Fact or fantasy? Real world weapons or simply technologies that are under development? A message to the US or largely to his own domestic constituency? President Putin's presentation of Russia's new nuclear arsenal was all these things and more.
Above all it was a signal that there is going to be no thaw in US-Russia relations any time soon. Mr Putin appears largely to have given up on any hopes of a close understanding with the mercurial Donald Trump.
With both Russia and the US talking much more now about modernising their nuclear arsenals, there are alarming echoes of the Cold War years. And the fact that many of these new technologies are being developed at a time when existing arms control regimes are crumbling again gives added cause for concern.
At the outset it should be stated clearly that even with their current arsenals, contained by the terms of the New START, the nuclear arms reduction treaty signed in 2010, both Russia and the US have more than enough nuclear weapons to destroy each other many times over.
Russia is obsessed by Washington's deployment of anti-missile defences - which may or may not work as advertised - but no serious western strategic experts believe that Russia's nuclear forces are in any way compromised by current missile defences.
The US insists it has only deployed limited defensive systems to counter the specific threat of long-range missiles from Iran or North Korea.
But countering missile defence seems to be at the heart of Russia's thinking. The Russian view has always been that missile defence may start in a limited way but if the technology is proven, it will inevitably expand.
It remembers the grandiose, though never fulfilled, vision of a missile-proof shield advanced by President Ronald Reagan. And it clearly still smarts from the US decision in 2002 to withdraw unilaterally from the 1972 Anti-Ballistic Missile Treaty which strictly limited such defences.
President Putin's new arsenal of nuclear systems was orientated then around one principle - defeating US anti-missile defences.
Some systems - including most likely a very long range nuclear-tipped torpedo - avoid missile defences altogether by operating in a totally different environment - the sea - rather than travelling through space.
Others, like the new intercontinental ballistic missile, the nuclear-armed cruise missile or a variety of "hypersonic" systems might simply fly too fast or on trajectories which would make their interception impossible.
Russia is by no means alone in pursuing some of these technologies. Both China and the US are actively exploring the possibilities of hypersonic weapons - described to me by one arms control expert as "a hang-glider on steroids".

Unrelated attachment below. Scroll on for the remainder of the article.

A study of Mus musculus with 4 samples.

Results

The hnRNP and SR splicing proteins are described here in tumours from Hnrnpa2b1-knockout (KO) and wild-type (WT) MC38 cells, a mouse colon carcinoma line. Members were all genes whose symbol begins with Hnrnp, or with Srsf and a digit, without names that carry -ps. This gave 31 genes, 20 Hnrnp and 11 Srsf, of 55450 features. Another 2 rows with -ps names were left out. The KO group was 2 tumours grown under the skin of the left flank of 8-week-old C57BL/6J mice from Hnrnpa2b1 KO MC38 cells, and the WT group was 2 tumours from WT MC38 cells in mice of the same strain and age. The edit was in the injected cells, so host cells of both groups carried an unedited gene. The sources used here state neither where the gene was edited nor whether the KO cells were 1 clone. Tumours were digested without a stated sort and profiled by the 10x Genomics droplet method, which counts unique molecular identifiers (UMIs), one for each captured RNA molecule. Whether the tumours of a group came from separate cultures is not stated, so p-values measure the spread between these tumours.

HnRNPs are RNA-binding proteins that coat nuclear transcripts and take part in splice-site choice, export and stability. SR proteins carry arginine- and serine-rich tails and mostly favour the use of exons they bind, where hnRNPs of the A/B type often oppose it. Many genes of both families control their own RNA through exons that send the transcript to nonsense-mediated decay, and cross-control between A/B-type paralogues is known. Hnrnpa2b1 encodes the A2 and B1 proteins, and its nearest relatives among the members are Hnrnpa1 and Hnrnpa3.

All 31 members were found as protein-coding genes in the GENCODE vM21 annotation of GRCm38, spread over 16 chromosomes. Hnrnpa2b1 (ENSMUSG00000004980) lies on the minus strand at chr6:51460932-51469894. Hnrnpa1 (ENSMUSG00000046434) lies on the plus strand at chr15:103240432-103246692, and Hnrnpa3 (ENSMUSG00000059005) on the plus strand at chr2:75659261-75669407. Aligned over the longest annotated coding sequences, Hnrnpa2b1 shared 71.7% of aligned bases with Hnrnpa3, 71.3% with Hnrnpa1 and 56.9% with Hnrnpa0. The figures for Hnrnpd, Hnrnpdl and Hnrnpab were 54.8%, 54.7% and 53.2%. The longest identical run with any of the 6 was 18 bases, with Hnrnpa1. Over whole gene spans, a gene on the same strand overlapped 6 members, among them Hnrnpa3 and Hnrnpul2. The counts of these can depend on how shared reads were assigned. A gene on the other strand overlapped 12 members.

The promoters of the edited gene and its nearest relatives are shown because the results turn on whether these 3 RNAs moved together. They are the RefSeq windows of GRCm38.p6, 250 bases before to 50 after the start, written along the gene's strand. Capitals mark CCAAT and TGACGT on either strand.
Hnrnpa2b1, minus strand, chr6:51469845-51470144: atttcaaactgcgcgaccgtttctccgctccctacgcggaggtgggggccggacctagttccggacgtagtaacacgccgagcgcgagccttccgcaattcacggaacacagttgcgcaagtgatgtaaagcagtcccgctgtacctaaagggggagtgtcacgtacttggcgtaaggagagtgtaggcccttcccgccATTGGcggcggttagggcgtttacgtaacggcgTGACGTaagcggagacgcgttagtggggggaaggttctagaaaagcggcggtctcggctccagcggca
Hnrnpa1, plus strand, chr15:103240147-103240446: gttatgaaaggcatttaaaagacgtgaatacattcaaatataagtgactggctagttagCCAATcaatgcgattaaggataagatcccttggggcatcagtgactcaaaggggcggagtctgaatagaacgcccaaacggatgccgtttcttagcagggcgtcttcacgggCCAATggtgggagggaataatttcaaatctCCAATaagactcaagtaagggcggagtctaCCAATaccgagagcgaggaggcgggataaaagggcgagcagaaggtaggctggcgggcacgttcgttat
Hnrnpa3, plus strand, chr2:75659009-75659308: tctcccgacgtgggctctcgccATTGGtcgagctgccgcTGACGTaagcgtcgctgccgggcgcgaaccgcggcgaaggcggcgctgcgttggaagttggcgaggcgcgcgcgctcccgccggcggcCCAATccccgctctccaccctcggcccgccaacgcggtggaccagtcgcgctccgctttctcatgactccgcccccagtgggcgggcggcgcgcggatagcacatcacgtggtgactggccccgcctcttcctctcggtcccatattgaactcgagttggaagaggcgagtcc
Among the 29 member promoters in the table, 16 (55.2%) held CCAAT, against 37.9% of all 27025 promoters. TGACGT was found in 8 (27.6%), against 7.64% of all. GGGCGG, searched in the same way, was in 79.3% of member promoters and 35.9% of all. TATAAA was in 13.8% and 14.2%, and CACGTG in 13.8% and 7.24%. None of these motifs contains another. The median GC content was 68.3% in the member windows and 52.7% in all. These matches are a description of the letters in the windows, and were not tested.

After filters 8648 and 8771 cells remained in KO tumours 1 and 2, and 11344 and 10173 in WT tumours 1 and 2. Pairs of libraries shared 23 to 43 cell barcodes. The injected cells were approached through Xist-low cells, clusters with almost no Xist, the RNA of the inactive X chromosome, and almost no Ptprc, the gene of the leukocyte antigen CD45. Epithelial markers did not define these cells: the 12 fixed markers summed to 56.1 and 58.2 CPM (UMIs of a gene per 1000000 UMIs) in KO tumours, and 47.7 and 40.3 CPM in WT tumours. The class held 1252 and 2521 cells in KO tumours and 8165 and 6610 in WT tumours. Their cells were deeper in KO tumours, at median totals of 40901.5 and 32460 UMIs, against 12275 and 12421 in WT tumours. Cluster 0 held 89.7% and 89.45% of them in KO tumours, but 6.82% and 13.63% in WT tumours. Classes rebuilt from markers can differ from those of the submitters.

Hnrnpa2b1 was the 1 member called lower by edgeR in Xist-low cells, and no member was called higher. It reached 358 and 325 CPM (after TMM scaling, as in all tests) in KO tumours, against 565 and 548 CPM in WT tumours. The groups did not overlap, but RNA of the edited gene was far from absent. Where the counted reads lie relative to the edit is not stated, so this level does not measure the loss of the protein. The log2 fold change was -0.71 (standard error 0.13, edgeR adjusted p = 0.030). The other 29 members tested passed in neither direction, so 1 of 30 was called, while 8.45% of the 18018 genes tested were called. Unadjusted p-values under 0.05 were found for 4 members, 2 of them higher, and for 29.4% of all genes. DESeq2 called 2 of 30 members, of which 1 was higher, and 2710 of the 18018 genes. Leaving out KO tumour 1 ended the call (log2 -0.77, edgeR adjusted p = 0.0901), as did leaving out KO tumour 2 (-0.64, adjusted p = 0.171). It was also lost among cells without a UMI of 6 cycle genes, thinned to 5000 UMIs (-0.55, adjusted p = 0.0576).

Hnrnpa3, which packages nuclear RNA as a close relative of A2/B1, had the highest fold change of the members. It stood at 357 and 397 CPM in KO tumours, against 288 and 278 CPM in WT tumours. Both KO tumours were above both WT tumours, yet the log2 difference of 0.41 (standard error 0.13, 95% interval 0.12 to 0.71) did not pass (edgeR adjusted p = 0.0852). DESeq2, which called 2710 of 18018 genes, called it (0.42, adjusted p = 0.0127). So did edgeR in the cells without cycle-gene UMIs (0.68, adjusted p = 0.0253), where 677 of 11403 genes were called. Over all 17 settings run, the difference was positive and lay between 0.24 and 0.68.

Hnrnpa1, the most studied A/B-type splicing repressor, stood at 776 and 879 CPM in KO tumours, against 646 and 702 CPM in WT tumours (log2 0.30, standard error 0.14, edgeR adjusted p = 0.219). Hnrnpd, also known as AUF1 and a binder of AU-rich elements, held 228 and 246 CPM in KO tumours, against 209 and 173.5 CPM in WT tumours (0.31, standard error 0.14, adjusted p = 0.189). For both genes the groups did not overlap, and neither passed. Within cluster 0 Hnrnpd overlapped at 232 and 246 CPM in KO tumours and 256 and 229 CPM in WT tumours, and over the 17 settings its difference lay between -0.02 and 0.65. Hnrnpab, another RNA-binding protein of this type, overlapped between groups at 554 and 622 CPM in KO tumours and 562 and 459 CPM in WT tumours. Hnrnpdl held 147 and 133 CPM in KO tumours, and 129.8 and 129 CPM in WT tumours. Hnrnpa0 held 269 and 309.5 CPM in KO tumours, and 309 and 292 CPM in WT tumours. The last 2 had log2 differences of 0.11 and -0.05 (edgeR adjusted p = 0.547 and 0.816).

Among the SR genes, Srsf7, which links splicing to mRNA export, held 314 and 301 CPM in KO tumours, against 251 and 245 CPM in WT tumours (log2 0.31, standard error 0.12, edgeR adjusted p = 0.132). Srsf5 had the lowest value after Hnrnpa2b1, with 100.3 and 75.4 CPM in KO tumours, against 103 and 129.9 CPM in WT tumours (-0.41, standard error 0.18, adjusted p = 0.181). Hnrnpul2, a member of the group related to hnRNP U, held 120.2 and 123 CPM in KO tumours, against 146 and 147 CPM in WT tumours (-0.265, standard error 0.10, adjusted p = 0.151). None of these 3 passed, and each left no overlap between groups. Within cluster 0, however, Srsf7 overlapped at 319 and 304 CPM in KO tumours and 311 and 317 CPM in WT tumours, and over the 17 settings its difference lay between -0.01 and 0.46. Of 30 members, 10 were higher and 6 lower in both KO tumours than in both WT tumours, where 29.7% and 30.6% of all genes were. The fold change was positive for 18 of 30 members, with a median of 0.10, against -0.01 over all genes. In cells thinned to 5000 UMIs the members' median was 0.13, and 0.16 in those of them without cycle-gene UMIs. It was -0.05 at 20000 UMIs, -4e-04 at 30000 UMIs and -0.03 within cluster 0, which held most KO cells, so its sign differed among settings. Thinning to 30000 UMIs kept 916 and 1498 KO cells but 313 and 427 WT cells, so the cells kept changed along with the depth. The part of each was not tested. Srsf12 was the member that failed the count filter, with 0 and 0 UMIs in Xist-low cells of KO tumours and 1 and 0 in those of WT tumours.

They would be launched into space and then glide at extraordinary speeds along the edge of the atmosphere before dipping down to strike their targets.
But the real question about President Putin's speech is: how close are these weapons to becoming a reality? It was instructive that he used video representations to demonstrate their capabilities rather than pictures of real operational systems.
Many of the technologies presented by Mr Putin have been known about for some time.
The nuclear-tipped torpedo for instance - what today we would call an unmanned underwater vehicle - is a project that dates back in one form or another to Soviet days.
In the past the US has also looked at the idea of nuclear-powered cruise missiles but they were abandoned in the 1960s because the then available technology simply couldn't handle the task.
What has changed today is that technology has advanced in leaps and bounds. The weapons championed by Mr Putin are no longer technically unfeasible, even if significant practical hurdles still remain.
Russia has made particular progress in the field of cruise missiles and it is Russia's ongoing modernisation plans - and the development of a variety of new technologies - that have in large part driven Washington's own Nuclear Posture Review that was published just a few weeks ago.
So, there is a reality here behind the rhetoric - even if many of the weapons systems outlined by Mr Putin are still very much in the developmental stage.
This modernisation is not new. Russia has been developing these weapons for a very long time. And in the US, it was President Obama who set in motion a major modernisation of the nuclear triad - its air, land and sea-based nuclear systems. This will take years to complete and has largely been adopted by President Trump.
What is new here is the combative and threatening rhetoric - very much a throw-back to the worst of the Cold War years.
Mr Trump has boasted about having a bigger nuclear arsenal than anyone else. Now Mr Putin is doing his own chest-thumping exercise, insisting that Russia has weapons that nobody else can deploy.
For many arms control experts, one clear message emerges from all of this. The two sides should get around the table and begin to talk seriously again about strategic nuclear disarmament.
The existing strategic arms reduction treaty (New START) expires in some three years time. In a conversation early in Mr Trump's presidency, Mr Putin reportedly spoke of Russia's willingness to extend this agreement.
Mr Trump, it is said, turned to his advisers and asked them what this New START thing was all about. When he heard it had been negotiated by Barack Obama, he determined that it must be "a bad deal" and told Mr Putin: "No."
Veteran arms control expert Mark Fitzpatrick says: "New START should be extended beyond its 2021 cut-off date and new measures should be added to head off the dangerous systems that Putin portrayed."
Arms control matters most at times of rising tensions. And in the wake of Mr Putin's presentation, Washington and Moscow clearly have a lot that they could talk about.